By Rita Cool
The new year serves as a reminder to focus on saving money. However, it takes time for new habits to form.
By making one financial improvement each month, you can enhance your financial outcomes and build a strong foundation for the future.
Here’s a monthly breakdown of practical tips to help you achieve your savings goals.
January – tax season
Make the most of tax benefits before the end of the tax year at the end of February. Contribute more to your employer fund or retirement annuity to maximise tax benefits. You can contribute up to 27.5% of your taxable income to retirement funds, with a yearly limit of R350 000.
February – financial goals
Set short-, medium- and long-term financial goals for one year, three years and ten years or more. Look at goals like saving for a holiday, a house deposit or university fees, as well as retirement goals. Define timelines, track progress and establish requirements for achieving your goals.
March – stretch your rands
Review your budget and identify areas where you can reduce or revise expenses. Assess your insurance for opportunities to optimise life, house, car and other insurance.
Cancel any automatic subscriptions you no longer use and monitor spending on in-app purchases. Avoid withdrawing cash from non-affiliated banks or using credit cards for cash withdrawals, as these often incur high costs and immediate interest charges.
April – social saving and spending
Be kind to the environment and reduce expenses by reusing and recycling. Sell unwanted items to free up cash and consider swapping or sharing items like children’s clothing or outfits for special events. Explore solar energy options to reduce reliance on coal-based electricity.
May – debt management
With rising interest rates, managing debt becomes increasingly challenging. Make regular monthly repayments and promptly address any potential issues with your bond provider to prevent problems.
If you have available cash, allocate it to repayments to reduce debt faster. Begin by targeting high-interest debt, such as credit card or store credit, to maximise the benefits of additional payments.
June – financial health check
Halfway through the year, schedule a meeting with your adviser to conduct a financial health check. Review your will, investments and insurance. Assess if any changes in your circumstances warrant adjustments to your insurance for your and your family’s financial protection.
July – year-end planning
Take advantage of early planning for the year-end. Instead of waiting until December, start your holiday preparations now. Book your holidays in advance, buy gifts on sale and save your store rewards points for year-end expenses. By planning ahead, you avoid last-minute stress and could save money.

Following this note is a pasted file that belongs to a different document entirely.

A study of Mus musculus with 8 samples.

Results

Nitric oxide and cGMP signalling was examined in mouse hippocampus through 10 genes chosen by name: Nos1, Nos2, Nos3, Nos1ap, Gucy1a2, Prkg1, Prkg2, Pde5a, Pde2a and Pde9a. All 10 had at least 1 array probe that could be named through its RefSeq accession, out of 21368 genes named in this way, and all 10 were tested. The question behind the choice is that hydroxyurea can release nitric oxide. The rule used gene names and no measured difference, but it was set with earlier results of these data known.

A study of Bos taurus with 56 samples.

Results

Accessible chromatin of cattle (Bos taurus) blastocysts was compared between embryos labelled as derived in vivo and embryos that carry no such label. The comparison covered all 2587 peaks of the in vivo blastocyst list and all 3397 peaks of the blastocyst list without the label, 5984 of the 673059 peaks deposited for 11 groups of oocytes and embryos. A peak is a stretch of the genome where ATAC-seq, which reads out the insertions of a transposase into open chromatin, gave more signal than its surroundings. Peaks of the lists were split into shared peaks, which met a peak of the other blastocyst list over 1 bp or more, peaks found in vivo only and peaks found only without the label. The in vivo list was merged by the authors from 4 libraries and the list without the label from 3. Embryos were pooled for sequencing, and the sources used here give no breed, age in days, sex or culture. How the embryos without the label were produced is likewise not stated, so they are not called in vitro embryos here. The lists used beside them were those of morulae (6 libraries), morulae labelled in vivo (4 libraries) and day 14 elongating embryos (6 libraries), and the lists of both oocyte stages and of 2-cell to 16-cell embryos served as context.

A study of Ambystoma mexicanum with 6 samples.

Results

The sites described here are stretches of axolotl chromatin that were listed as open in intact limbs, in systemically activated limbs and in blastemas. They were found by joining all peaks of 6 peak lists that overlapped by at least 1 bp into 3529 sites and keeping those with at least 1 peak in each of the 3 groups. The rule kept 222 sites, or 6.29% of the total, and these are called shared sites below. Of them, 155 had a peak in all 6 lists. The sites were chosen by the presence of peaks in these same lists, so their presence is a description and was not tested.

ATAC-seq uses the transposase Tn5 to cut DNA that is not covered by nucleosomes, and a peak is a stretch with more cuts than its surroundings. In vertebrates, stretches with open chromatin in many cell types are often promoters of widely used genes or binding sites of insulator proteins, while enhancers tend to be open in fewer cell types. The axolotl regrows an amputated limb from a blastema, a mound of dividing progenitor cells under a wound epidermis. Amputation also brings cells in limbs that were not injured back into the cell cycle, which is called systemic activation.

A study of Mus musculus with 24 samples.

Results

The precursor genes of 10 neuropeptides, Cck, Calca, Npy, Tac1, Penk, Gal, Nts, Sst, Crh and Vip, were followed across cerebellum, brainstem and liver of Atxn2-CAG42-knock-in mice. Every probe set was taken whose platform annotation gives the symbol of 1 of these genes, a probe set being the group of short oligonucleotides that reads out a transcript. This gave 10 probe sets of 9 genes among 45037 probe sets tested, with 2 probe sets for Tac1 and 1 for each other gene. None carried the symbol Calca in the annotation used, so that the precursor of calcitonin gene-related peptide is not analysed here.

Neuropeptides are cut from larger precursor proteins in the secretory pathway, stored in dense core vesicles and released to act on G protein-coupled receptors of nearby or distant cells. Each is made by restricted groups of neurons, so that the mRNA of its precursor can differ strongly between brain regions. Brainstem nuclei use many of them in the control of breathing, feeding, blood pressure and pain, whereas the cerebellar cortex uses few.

August – consolidate your investments
Combining or consolidating your investment products could reduce costs. If you have a retirement fund from your employer, explore the option of adding preservation funds from previous employers or redirecting any retirement annuity contributions towards your fund.
Employer funds typically have lower costs compared to personal investments, allowing you to save on costs without spending more and thereby potentially increasing long-term benefits. Consult your adviser to discuss available options.
September – emergency funds
It’s wise to have savings that you could easily withdraw to deal with unexpected emergencies. Aim to save three to six months of your income in your bank account or even in your access bond.
By having emergency funds, you won’t have to rely on debt to cover unforeseen expenses. Remember not to dip into long-term savings for emergencies.
October – tax submission
Prepare and submit your personal tax returns on time to avoid penalties. If you have been working from home, get a letter from your employer to claim qualifying expenses.
Make sure you comply with home office requirements and understand the potential impact on capital gains tax when selling your house in the future. Keep track of expenses like electricity and fibre costs that can be claimed as a proportion of overall household expenses.
November – tax refund
If you receive a tax refund, consider using it constructively. If you haven’t contributed to a tax-free savings account (TFSA), use the refund to save for your future. The growth on TFSAs are tax free and offer flexibility for different goals. Alternatively, use the refund to make a significant purchase without resorting to debt or allocate it towards debt repayments. If you paid debt, don’t change your monthly repayments, this will accelerate your journey to a debt-free life.
December – planning and budgeting
Take time this month to reflect on the past year and set goals for the upcoming year. Review your budget and cash flow, considering occasional expenses such as car registration fees, haircuts and birthday presents.
Anticipate more expensive months and include holiday expenses in your budget. Proper planning and budgeting will help you stay on track and avoid financial pitfalls.
By incorporating these monthly financial tips, you can establish a year-round savings mindset. Starting with year-end planning and progressing through various areas of personal finance, you'll develop healthy financial habits and achieve your financial goals.
Make this the year you prioritise savings and secure a brighter future.
Rita Cool, head of individual consulting strategy at Alexforbes.
*The views expressed here are not necessarily those of IOL or of title sites.